A bag filled with miniature painted stones, my backpack, me and everything leading up to this moment. Standing there and then, on the first day of the first Camino in 2015. I thought to be extremely prepared, researching and practicing beforehand. But not being prepared at all, for how this would change everything, personally and also for my art.
This is how it started many years ago: watching a documentary and not only being interested but feeling completely drawn to it. I saw a solitary woman on the beach walking what turned out to be the “Camino del Norte”. What an unbelievable challenge with way too many kilometres, I thought. (Although this meant an extra bonus point for attraction.)
Life happened after the documentary, with all its opportunities and sadness too. So at this turning point, it would be the right time to prepare for an adventurous challenge and go. The idea planted its seed in my head and I started preparations.
Of course, art had to be included. This is an important part of who I am and should be with me on this journey. Although it did not seem a good idea to carry loads of art materials, expecting the journey to be physically and mentally challenging.
It should be something smaller, about people, stories and connection…
It took me only one year to figure out.
After that, I prepared the art project until the point of no turning back. This became the first stone project, with 61 miniature painted caminostones for the 61 stories of people. Painted, varnished, and waiting in a big bag for me, to be on the road and do the thing.
And so I did.
This would be a long Camino from Espalion in France, crossing the Pyrenees into Spain, walking the Camino del Norte and the Camino Primitivo up to Finisterre.
It turned out to be a big, life-changing adventure.
It was amazing to carry out the art project and the positivity it brought.
With extraordinary events surrounding the stories, participants and the locations where the stones were left. Some participants felt relieved that after carrying their story and stone on my back, it was left on a spiritual path. Others, followers or pilgrims were touched or inspired by the story or paintings. It put something in motion, a rock started rolling and developing…
This first Camino turned out to be the starting point of a big change. No “normal life” for me no more.
I returned home with a backpack filled with new experiences, memories of special encounters, insights and loads of ideas on art, small and big!
The first project became the starting point for more Camino’s and more very long walks.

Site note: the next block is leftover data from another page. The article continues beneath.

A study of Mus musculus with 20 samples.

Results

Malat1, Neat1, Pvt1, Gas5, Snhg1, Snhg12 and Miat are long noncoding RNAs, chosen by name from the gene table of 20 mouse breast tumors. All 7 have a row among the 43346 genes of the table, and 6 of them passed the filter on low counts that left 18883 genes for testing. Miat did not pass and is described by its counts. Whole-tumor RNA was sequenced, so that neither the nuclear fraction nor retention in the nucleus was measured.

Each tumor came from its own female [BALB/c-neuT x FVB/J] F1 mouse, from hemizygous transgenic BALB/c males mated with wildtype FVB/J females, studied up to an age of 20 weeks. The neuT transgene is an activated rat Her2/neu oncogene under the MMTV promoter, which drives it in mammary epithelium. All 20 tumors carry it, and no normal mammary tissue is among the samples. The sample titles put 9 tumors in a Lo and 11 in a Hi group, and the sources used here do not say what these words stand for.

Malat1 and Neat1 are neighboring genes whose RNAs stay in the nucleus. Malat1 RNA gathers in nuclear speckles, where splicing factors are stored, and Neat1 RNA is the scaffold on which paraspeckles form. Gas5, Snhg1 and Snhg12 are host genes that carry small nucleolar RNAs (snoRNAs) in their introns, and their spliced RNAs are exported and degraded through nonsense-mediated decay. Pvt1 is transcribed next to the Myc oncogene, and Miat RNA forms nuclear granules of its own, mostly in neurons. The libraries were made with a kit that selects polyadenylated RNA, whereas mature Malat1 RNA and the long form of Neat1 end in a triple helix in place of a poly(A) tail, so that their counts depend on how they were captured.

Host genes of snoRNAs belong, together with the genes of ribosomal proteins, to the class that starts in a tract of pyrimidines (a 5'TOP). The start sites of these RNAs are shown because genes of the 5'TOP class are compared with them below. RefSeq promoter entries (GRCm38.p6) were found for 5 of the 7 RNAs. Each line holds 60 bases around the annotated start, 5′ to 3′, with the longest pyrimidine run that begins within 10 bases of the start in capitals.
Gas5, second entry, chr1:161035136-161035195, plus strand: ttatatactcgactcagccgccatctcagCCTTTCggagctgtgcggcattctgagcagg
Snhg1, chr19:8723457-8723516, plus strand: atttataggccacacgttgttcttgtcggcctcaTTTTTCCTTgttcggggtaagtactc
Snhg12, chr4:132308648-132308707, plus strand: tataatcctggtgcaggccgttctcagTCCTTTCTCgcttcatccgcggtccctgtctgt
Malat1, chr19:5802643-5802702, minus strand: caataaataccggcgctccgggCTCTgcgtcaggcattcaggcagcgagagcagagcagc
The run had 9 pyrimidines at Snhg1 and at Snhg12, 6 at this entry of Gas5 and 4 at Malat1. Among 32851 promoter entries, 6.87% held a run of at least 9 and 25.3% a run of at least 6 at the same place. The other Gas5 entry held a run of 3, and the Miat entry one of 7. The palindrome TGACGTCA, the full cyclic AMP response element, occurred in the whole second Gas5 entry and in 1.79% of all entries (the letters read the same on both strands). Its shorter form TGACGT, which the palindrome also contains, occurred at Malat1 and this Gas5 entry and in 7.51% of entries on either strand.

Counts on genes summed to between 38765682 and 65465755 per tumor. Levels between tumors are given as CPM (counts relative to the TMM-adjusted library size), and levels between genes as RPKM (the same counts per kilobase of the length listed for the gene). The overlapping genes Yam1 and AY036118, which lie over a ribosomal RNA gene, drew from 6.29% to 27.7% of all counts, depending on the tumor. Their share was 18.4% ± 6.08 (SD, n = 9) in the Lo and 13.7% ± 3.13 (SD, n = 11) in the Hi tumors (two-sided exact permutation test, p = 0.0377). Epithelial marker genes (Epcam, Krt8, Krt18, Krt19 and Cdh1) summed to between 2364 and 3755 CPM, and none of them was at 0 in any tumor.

Caminostones are always a part of my travels and developing further. With lots of miniature painted stones, connected to new stories of participants, tales about beautiful but endangered species and poems.
The caminostones themselves developed too. I’ve added labels with a link to my website so anyone who finds it can easily discover the story attached to it. The label reads: “Let me travel!” So the finder can take the stone and leave it in a new location.
The story and caminostone set off on its own journey, connecting and inspiring more people.
For the past years, the stones are reported in new locations all over the world, i.e. Australia, Canada and even Stonehenge (a stone returning to its roots). People have connected and commented on the stories from all over too.
The last caminostones project was carried out in autumn this year on the Via de la Plata. 25 stories and miniature painted stones set out on their journey between Sevilla and Granja de Moreruela.
The stories attached to the miniature painted stones are connected to participants but also to the history of the Via de La Plata. This remarkable path has a history of over a thousand years. This means there are many interesting stories and old monuments relating to its past. The stones attached to the history of the Via de la Plata are left and photographed in the historical place they’re connected to.
The stones attached to the stories of participants are left on locations related to their stories.
Below is a stone painted for one of the historical stories. The painting is made for the story of one of the founders of the St. James Society in Sevilla. He passed away while marking the Via de la Plata. The stone was left at a monument in his honour, erected at the location where he passed away.
It was discovered by a pilgrim from Austria. He took the stone, continued his journey with the stone and returned home to Austria, still carrying the stone. In Austria, he left it on an Austrian Camino, on a holy stone. From its rest place there it might continue its journey..
Below you see a stone which carries the moving story of Zozan. She had to flee Syria with her 4 children. Being on the run, living in camps and separated from her husband for years, the family has finally reunited three years ago.
The stone carrying her story was discovered and taken to the south of Germany. This is kind of amazing because Germany is the country in which Zozan settled with her family.
Seven of the stones on this part of the Via de la Plata have already been found.
You can find all the stones and read the stories on this specific project here at Caminostones.
I hope you too, are or will become one of the finders, somewhere, somehow on a Camino or outside of it…
I hope you will also find some joy in little things. There will always be a sparkle of hope, a happy moment… or a silver lining on a dark day.
Visit Andrea at Andrea Haandrikman-Schraets to view her artist portfolio. Follow her on Facebook, Instagram or Twitter.
Check out my e-book, A Wild Woman’s Guide to the Camino de Santiago for practical advice on preparing to walk the Camino de Santiago including snippets from my journey and stories from Camino pilgrims. Click the link to download your copy.